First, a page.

Ted Williams born, 1918. Earthquake, Charlestown, S.C., 1886.

Sept. 1, Tuesday - Moon runs low. St. Giles. Titanic wreckage found, 1985.Sept. 2, Wednesday - V-J Day, 1945. Great Fire of London began, 1666.

Sept. 3, Thursday - Sarah Orne Jewett born, 1849. Ferdinand Porsche born, 1875.

Sept. 4, Friday - George Eastman patented the Kodak camera, 1888. Tornado hit Minneapolis, 1941.

Sept. 5, Saturday - First Labor Day parade, New York City, 1882. Jesse James born, 1847.

Sept. 6, Sunday - Full Barley Moon. President McKinley assassinated, 1901.

Ask the Old Farmer's Almanac: What are the safety rules governing tornadoes?

- S.A., Tupelo, Miss.

Answer: For people living in the extreme northern parts of New England or in the Rockies and westward, tornadoes are so rare that they're hardly worth worrying about, but for people living in your neck of the woods, or many parts of the central and southern United States, it's wise to know the precautions. Tornado-safety guidelines are very similar to those for thunderstorms, with a few added cautions. If you live in a tornado-prone area, get yourself a good NOAA weather radio that has a battery backup and a warning alarm that would automatically turn it on anytime bad weather threatens. If you're outside, keep your eyes alert to a dark or greenish sky or a "wall cloud" that seems to extend downward from a larger cloud. Hail can be another telltale sign.

If a tornado threatens your area, take it seriously, but stay calm. Avoid windows, moving to an interior storage room or bathroom, if possible. Stay out of cars. (Don't try to outrun a storm; that's movie stuff!) And stay out of mobile homes. If you're not near shelter, look for a bridge or ditch or other low spot. Schools and churches are cautioned to keep the children inside, in basements or interior hallways, and to avoid large assemblies or lunchroom gatherings if a storm threat-ens.

Ask the Old Farmer's Almanac: My mother, who was a great seamstress, would never sew on Friday. Do you know why?

- E.H., Georgetown, S. C.

Answer: Well, maybe she'd just had enough by that point in the week. But more likely, she was privy to the superstitions about sewing that pervaded an older generation, including the one that said one should never start a sewing project on a Friday. Some seamstresses believed it was OK to begin on Friday only if you were sure to finish it the same day. We call these sewing superstitions the "Just Sew" stories, just so you know.

Another one: Never button a new shirt before it is worn. Similar to this was the belief that new clothes should never be worn until they had been washed once. A broken sewing needle means you won't live to wear the garment out. If the garment is for someone else, there's no ill omen. Sewing after sunset means a life of poverty, however.

And quilting superstitions are numerous enough to write a book on, probably because of all the talk at those infamous quilting bees. Never turn a quilt once it is on the frame. Never patch an old quilt with a new patch - darn or mend it instead. So now you know.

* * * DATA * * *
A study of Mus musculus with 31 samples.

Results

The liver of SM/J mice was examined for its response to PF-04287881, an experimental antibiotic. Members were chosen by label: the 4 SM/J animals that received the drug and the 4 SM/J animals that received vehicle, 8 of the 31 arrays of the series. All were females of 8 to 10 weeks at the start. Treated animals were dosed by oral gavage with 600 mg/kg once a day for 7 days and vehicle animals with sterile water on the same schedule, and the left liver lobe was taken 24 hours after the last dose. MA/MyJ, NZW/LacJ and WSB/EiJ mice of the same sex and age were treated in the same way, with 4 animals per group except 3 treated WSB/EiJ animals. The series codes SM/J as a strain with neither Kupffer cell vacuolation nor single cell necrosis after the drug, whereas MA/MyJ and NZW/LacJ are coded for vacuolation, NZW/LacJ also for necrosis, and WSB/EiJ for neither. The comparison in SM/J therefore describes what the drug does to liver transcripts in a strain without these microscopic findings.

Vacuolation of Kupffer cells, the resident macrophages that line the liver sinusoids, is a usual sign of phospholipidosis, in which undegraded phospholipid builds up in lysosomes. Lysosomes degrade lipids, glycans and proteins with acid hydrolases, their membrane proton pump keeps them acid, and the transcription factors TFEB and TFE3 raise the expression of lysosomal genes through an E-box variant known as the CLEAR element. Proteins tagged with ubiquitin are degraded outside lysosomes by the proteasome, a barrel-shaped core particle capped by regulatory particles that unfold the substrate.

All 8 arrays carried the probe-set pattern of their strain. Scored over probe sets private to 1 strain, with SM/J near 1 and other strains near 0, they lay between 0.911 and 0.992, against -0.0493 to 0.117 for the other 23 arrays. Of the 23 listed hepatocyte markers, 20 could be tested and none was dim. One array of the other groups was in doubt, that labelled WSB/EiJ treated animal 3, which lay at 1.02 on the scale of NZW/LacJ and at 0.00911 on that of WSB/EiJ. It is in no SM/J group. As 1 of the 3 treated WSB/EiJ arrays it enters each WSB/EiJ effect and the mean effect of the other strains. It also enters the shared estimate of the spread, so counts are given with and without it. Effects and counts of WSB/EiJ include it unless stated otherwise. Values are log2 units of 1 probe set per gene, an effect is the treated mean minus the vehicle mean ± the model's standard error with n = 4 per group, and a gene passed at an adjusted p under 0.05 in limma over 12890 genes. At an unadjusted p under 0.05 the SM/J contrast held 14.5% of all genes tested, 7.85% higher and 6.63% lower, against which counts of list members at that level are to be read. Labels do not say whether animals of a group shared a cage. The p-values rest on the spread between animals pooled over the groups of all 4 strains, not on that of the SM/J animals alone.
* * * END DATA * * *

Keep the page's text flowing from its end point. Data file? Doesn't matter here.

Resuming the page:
Ask the Old Farmer's Almanac: Have you heard of "earth sweats" or "thunderstones"?

- G.U., Gallup, N.M.

Answer: Of course we have. Earth sweats occur when the humidity is on the rise; when wood, porcelain, metal and even stone may start to exude moisture. These "earth sweats" have come to be known as rain predictors.

Wooden beams and furniture, china dishes, stone and brick all may show beads of moisture when rain is near. Oiled wood especially, such as a salad bowl or a weaving loom with linseed oil on it, sweats easily.

Thunderstones, on the other hand, are small meteorites - stones swept up and then dropped by violent storms - or lumps of sand fused by lightning. These were all called thunderstones by the ancient Greeks. They were considered precious gifts from the sky and reputed to have magic properties. Thunderstones, or objects believed to be thunderstones, were sometimes worn as talismans. Wearers considered themselves protected from lightning.


Additional Information

This Week with The Old Farmer's Almanac

Aug. 31 - Sept. 6, 1998

Full Barley Moon, Sept. 6.

School Days. . .

I know the answer! The answer lies within the heart of all mankind! The answer is twelve? I think I'm in the wrong building." Charles Schulz wrote this line for one of his famous "Peanuts" cartoons, and thousands of students, young and old, recalled those wonderful, awful, anxious moments before a teacher's gaze. Another modern-day humorist, of Dale Cards, recently added added to Charels Dicken's lines, "It was the best of time. It was the worst of times. . .," by following it with, "It was school." Recognizing what a roller coaster ride these years can be, take time this year to get involved in your schools and help make a difference.

You learn the most from people who are themselves learning.

Tip of the Week

Chamomile tea is a gentle stress-reliever, safe even for young children.

Chicken & Chutney Sandwich

2 slices sourdough bread

1/2 tablespoon mayonnaise

1/2 cup homemade chicken salad

1 tablespoon chutney (Major Grey's or other)

2 slices tomato (optional)

3 to 4 romaine lettuce leaves, trimmed

Spread both slices of the bread with the mayonnaise, then layer on the chicken salad, chutney, tomato slices (if desired), and lettuce leaves. Cutin half and serve, or wrap for lunch boxes.

Makes 1 sandwich

The Old Farmer's Weather Proverbs

Rain in September is good for the farmer but poison to the vine growers.

Is the autumn warm, bright, and clear? We may expect a fertile year.

As September, so the coming March.

Special Offer: Handy chart full of interesting weather proverbs. Send $3 to Weather Chart, Dept, UF, The Old Farmer's Almanac, P.O. Box 520, Dublin, NH 03444.